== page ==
Primed for the long journey, espnW’s Laura Gentile joins the thousands running in the NYC Marathon

Laura Gentile (Credit?)
Laura Gentile, espnW vice president, has trained 16 weeks for her NYC Marathon debut. More than 10 years ago, she completed a marathon in San Diego. (Phil Ellsworth/ESPN Images)
Laura Gentile (Credit?)
Gentile is dedicating her run to the memory of her father Cesare Gentile.

This weekend, ESPN will televise the ING New York City Marathon (Sunday, Nov. 3, 9 a.m. ET, ESPN2, WatchESPN, ESPN Deportes+; locally, ABC7 and WatchABC) – the first time the event will be televised live nationally in 20 years.

One of the world’s most prestigious athletic events, the race is also among the rare major sports that features world-class athletes competing on the same course as everyday fitness-minded weekend warriors.

Several ESPNers will be among the more than 45,000 runners expected to participate. One of them is Laura Gentile, vice president of espnW. While competing is nothing new to the former Duke University All-America field hockey player, Gentile will cross a major goal off her bucket list when she crosses the marathon finish line Sunday. 

Gentile, who recently led the fourth annual espnW Women + Sports Summit and is setting the pace for ESPN’s first dedicated business that serves, informs and inspires female athletes and fans, spoke with Front Row about her training for the NYC Marathon and why she runs.

espnW has had a particularly busy year, including the recent espnW Summit. How have you balanced work, home and training?
Oftentimes, running was a nice getaway and release – a chance to think and be silent for a good amount of time. The long runs can be challenging as they literally take 2 to 3 1/2 hours on the weekend, and I need to let my family know I’ll be out and gone for awhile! I did train while we were at the espnW Summit, but that was no problem as the Summit is built around physical activity and we had the New York Road Runners there hosting runs. I did a 5-mile run with that group, and ran each morning leading up to the Summit.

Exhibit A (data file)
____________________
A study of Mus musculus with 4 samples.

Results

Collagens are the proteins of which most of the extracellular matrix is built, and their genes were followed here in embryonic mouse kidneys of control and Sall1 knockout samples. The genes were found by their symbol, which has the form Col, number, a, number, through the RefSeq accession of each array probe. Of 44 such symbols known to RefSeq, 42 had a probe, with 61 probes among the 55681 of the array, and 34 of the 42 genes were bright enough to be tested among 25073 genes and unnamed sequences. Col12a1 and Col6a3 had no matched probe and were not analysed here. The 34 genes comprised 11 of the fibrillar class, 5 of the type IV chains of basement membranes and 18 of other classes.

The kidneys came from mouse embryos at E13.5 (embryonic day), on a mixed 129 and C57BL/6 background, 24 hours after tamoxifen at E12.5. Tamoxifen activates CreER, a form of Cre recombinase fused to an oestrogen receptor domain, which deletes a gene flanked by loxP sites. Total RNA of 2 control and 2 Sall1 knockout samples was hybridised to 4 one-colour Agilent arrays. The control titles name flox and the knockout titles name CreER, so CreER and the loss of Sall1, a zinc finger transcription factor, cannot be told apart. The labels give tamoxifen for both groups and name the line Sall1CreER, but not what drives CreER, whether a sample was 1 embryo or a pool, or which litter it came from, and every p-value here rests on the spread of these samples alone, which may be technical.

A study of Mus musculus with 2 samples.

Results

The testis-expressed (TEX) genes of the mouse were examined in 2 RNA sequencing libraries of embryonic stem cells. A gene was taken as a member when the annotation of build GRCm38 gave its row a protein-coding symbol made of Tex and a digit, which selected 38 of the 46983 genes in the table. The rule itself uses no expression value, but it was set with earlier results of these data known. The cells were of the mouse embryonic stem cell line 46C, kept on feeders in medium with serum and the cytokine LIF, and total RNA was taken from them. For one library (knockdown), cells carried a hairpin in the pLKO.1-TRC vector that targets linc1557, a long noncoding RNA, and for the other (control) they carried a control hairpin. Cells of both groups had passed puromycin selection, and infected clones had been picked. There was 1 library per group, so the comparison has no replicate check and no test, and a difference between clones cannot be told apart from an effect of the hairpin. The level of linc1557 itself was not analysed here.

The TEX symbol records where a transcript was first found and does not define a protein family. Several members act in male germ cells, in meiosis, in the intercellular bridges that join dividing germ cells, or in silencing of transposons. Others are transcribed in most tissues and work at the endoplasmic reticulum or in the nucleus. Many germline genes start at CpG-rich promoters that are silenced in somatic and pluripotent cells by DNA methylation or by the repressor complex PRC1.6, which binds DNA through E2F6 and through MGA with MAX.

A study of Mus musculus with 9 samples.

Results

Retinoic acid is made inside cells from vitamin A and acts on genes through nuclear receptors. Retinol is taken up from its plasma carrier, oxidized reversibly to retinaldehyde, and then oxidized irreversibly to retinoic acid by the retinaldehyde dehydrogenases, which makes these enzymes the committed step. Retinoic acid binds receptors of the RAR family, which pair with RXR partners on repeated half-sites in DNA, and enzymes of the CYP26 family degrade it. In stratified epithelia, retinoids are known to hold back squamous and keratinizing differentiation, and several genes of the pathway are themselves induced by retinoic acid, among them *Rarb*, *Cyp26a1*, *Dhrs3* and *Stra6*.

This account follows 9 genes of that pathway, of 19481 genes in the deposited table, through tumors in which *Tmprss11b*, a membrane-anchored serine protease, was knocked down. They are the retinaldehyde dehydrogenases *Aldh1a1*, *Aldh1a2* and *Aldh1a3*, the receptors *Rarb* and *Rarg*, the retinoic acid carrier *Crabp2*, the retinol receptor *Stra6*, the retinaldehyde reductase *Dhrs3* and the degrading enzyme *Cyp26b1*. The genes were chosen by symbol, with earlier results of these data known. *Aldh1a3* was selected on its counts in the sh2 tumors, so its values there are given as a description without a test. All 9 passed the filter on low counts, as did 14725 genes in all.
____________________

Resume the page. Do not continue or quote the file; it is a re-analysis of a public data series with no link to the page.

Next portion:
How did you train and prepare?
I run at least four times a week, with a long run on the weekend. I followed Hal Higdon’s basic training program religiously. His program is easy to follow, fairly basic and digestible. Reading his book Marathon also helped to answer any questions – about the physical or mental sides of running a marathon. I mapped out my 16 weeks of training and went for it!

Why do you run?
I run because running the NYC Marathon has been a goal of mine. I run in honor of my Dad, Cesare Gentile, who passed away five long years ago. I run because it feels great to get your body in tune and literally feel yourself getting stronger. And I run because espnW has inspired me to run.

Were you prepared to run last year? If so, how did the cancellation of the event affect your approach to 2013?
Yes, I had trained for the 2012 Marathon. It was disappointing not to run in the race, but the Marathon needed to be cancelled in light of the severe damage caused by Hurricane Sandy. It was not a great feeling leading up to the race knowing that public sentiment was dead-set against the race being run. Yet, training last year was good preparation for me this year. I’ve been more comfortable in my training and more confident in my regimen as I’ve been through it before. Perhaps I was overeager last year and overtrained. I feel better prepared this year, more ready and primed.

Editor’s note:’s coverage of the ING NYC Marathon will include several pre-race features, a “Why I Run” page dedicated to 20 of this year’s marathon runners and more.